Origin Spirits of the Earth is the story of a post apocalyptic world where genetically threes created centuries ago by men and planted on the moon have moved to Earth after destroying their home base and grown into a gigantic forest controlling the lives of humans. Two factions react to the forest’s occupation differently. First there are the people of Neutral City that attempt to live in peace with the forest and accept the control for water imposed by the tree druids. Then, there are the militaristic people of Ragna. When a girl from the past awakens from her stasis pod by accident, she threatens the delicate balance between men and forest by being the key to the latter’s potential destruction. Will she agree to work with the nation of Ragna to destroy the invading forest?
This movie is a cheap rip off Nausicaa and Princess Mononoke. Here, the forest has a mind of its own and is protected by incredible creatures, just like in films mentioned above. The theme is the same. It is men versus nature. However, in this film, unlike the Miyazaki films above, one could argue that it is nature that is the villain and that’s trying to impose its ways on men, instead of men trying to eradicate it. The film goes to length to show how the people of Ragna prefer manufactured goods and artificial “things” over nature and how that makes them evil and somehow bad. There was a name for this kind of thinking in the 19th century. It was called Romantism and it’s just one flavour of human existence with a longing for a perfect past with nature. Nature is anything but perfect.
The real fact is that as presented in this film, it is the forest that is the invader. It first strikes the human race by destroying the moon, then lands on Earth and destroys most of human civilization. Then it imposes its rules on the human race and forces it to ration water. If the forest was replaced by blue aliens with eight tentacles, the movie would be about how the human race has been invaded and must get rid of the invader. Here, under the false and romantic notion that nature is perfect, it is the forest that is the victim and he force for good. I’m gonna spoil part of the conclusion to make my point. By the end of the animé, the forests requests that humans merge with it so they can be grown in melon like pods, like plants. The forests claims that this is a good thing for humanity. It’s with this kind of stupid premise that anything “natural,” even a genetically engineered forest gone wrong is always right and that humans are always wrong that the movie forces the viewer into picking the side of the silly humans who want to protect the forest.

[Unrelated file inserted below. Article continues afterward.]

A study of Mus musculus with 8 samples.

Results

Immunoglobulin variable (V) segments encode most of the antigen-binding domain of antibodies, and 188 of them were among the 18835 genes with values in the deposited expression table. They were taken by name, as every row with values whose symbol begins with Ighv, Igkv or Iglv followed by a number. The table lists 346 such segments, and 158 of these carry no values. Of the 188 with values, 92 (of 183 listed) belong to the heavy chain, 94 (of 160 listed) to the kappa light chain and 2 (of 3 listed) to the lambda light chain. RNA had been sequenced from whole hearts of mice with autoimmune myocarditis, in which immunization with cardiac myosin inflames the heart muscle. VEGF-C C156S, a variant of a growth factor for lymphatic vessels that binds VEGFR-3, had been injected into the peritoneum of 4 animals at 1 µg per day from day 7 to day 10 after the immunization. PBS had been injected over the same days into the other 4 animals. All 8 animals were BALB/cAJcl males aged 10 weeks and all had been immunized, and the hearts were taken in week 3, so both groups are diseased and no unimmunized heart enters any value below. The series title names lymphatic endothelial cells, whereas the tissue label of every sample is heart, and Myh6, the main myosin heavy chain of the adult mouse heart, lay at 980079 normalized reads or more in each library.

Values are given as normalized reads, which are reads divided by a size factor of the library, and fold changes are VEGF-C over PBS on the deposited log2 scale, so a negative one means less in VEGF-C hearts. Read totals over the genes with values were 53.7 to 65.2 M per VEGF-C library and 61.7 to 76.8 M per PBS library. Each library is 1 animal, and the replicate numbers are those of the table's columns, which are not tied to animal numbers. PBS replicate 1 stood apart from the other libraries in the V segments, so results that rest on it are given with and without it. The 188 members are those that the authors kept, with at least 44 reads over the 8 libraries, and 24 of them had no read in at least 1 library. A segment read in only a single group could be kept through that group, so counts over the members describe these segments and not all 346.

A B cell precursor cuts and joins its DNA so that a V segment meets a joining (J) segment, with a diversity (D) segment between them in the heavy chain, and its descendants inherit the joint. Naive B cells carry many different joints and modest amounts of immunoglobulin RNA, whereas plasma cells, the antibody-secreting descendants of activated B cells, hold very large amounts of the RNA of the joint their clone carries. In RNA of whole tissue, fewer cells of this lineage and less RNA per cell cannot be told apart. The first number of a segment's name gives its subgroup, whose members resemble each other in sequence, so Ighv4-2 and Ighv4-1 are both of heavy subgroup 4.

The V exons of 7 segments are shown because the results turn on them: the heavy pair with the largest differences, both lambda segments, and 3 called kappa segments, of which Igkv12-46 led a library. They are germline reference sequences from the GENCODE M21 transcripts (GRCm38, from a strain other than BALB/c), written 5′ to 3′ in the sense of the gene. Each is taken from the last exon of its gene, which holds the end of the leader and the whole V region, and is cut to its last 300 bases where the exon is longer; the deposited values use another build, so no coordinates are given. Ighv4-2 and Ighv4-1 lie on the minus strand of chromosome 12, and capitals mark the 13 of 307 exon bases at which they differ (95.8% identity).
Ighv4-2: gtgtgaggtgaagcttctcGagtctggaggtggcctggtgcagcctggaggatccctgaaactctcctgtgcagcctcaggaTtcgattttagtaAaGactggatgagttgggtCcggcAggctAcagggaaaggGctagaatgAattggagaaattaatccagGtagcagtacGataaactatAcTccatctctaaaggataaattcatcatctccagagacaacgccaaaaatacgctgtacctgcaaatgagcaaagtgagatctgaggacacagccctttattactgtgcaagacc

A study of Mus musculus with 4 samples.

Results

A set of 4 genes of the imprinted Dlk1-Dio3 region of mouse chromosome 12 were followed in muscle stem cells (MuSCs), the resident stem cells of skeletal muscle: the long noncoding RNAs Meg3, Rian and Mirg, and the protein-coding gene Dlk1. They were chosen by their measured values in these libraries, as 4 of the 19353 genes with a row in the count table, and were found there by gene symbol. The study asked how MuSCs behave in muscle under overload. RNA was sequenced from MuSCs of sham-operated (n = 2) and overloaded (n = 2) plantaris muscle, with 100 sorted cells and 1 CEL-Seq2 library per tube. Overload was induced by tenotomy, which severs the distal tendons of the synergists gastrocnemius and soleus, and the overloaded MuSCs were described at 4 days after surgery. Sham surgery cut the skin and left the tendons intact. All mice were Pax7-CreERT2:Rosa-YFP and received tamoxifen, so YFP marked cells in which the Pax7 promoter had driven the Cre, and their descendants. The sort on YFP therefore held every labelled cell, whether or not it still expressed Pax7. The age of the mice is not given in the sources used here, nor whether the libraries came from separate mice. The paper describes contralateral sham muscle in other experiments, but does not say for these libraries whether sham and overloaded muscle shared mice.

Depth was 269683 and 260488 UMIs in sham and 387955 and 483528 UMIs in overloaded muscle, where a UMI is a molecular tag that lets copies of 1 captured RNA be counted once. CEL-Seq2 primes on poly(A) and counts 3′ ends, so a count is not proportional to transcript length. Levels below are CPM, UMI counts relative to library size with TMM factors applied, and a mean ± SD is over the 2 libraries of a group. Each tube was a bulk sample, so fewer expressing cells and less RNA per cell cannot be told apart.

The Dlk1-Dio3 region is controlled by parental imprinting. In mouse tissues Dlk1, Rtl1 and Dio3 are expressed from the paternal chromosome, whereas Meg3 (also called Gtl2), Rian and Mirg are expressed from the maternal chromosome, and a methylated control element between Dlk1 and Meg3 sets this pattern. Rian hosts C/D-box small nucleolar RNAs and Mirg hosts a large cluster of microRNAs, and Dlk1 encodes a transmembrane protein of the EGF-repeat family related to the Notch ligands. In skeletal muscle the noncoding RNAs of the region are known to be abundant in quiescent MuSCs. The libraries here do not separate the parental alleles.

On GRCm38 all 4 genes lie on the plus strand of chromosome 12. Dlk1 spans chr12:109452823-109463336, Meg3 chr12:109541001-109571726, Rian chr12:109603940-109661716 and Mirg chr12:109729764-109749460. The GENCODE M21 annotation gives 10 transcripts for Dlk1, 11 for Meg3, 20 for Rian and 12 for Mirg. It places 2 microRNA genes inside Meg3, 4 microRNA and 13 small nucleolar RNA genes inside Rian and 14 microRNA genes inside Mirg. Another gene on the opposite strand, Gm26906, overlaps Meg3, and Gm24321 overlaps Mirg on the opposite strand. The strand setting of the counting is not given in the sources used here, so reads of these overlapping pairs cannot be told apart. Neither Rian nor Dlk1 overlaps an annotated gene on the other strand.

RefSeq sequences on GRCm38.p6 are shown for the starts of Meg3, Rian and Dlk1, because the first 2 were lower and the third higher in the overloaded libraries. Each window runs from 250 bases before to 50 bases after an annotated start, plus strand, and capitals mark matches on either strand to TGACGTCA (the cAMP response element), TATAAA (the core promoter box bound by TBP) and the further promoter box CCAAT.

The characters are not worth mentioning. They are your usual animé suspects. There’s the adolescent boy, Agito, there’s the girl that came out of her centuries old coma, Toola and of course the even young prodigy Shunack who wants to turn back the clock and destroy the forest. If you’ve seen Nausicaa, you’ll recognize the curse Ashitaka has on his arm in the plant-like arm Agito gets after accepting to be turned into a plant-man so he can fight the bad guys and perhaps one day rescue his girl. The girl in this film, has nothing to do with the feminist and strong characters of Myazaki’s films. She’s an idiot that follows whatever new guy in the picture tells her to do. There are more characters similar to Miyazaki’s star system, like the top female soldier of the Ragna who has a lot of visual similarities to Lady Kushana, but lacks her brooding and insights.
Visually, the animation is as incredible as you could want it to be, but the entire film lost marks for me because of the flimsy 3D integration of the vehicles and weapons with the classically animated characters. God invented toon shaders so animators could mix 2D and 3D together without breaking the immersion of the viewer. The 3D is also badly animated and looks quite odd. It was more annoying than useful and nothing that would dispel the good old belief that Japanese animators cannot do 3D animation properly.
This movie, released in January 2006, is available on DVD and Blu-Ray. I watched the DVD version and there were little extras. This animé tries to channel great works from Miazaki but achieves not a fraction of its greatness. It’s also truly boring and predictable. I’d recommend avoiding this turkey.